What happened to Cameron's monthly press conferences?

Nick Clegg started a new monthly press conference today but Cameron hasn't held one since July 2011.

Nick Clegg has just finished the first of what we are promised will be a series of regular monthly press conferences. But while the Deputy PM seems ever keener to expose himself to scrutiny (he already hosts the weekly "Call Clegg" on LBC), in his own version of Tony Blair's "masochism strategy", David Cameron is proving more evasive. 

After entering Downing Street, Cameron continued to hold a monthly press conference, as Tony Blair and Gordon Brown did, but they became increasingly rare and it's now nearly two years since one was last held (on 8 July 2011); the hastily-arranged conference on Leveson in March doesn't really count. Journalists were given precisely half an hour's notice.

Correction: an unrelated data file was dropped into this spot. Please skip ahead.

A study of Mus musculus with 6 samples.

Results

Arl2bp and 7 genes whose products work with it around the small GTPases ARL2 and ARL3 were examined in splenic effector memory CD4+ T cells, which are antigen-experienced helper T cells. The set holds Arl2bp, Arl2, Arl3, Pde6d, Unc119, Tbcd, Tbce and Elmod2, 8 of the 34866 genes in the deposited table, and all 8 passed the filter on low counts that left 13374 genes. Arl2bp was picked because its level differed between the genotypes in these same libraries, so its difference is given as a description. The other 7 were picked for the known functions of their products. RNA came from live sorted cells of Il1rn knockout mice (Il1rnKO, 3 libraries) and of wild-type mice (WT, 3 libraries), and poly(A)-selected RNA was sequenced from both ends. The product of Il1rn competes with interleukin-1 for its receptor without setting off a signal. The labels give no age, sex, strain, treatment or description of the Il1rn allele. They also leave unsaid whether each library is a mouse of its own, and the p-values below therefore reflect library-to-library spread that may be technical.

So, could Clegg's openness encourage the PM to think again? It seems unlikely. When I spoke to Downing Street earlier, a spokesman simply replied that Cameron "regularly talks to the media".

David Cameron, pictured at his most recent Downing Street press conference on 8 July 2011. Photograph: Getty Images.

George Eaton is political editor of the New Statesman.

Photo: Getty

The political and policy-based implications of the new Secretary of State for International Trade.

Only Nixon, it is said, could have gone to China. Only a politician with the impeccable Commie-bashing credentials of the 37th President had the political capital necessary to strike a deal with the People’s Republic of China.

Theresa May’s great hope is that only Liam Fox, the newly-installed Secretary of State for International Trade, has the Euro-bashing credentials to break the news to the Brexiteers that a deal between a post-Leave United Kingdom and China might be somewhat harder to negotiate than Vote Leave suggested.

The biggest item on the agenda: striking a deal that allows Britain to stay in the single market. Elsewhere, Fox should use his political capital with the Conservative right to wait longer to sign deals than a Remainer would have to, to avoid the United Kingdom being caught in a series of bad deals. 

Stephen Bush is special correspondent at the New Statesman. He usually writes about politics.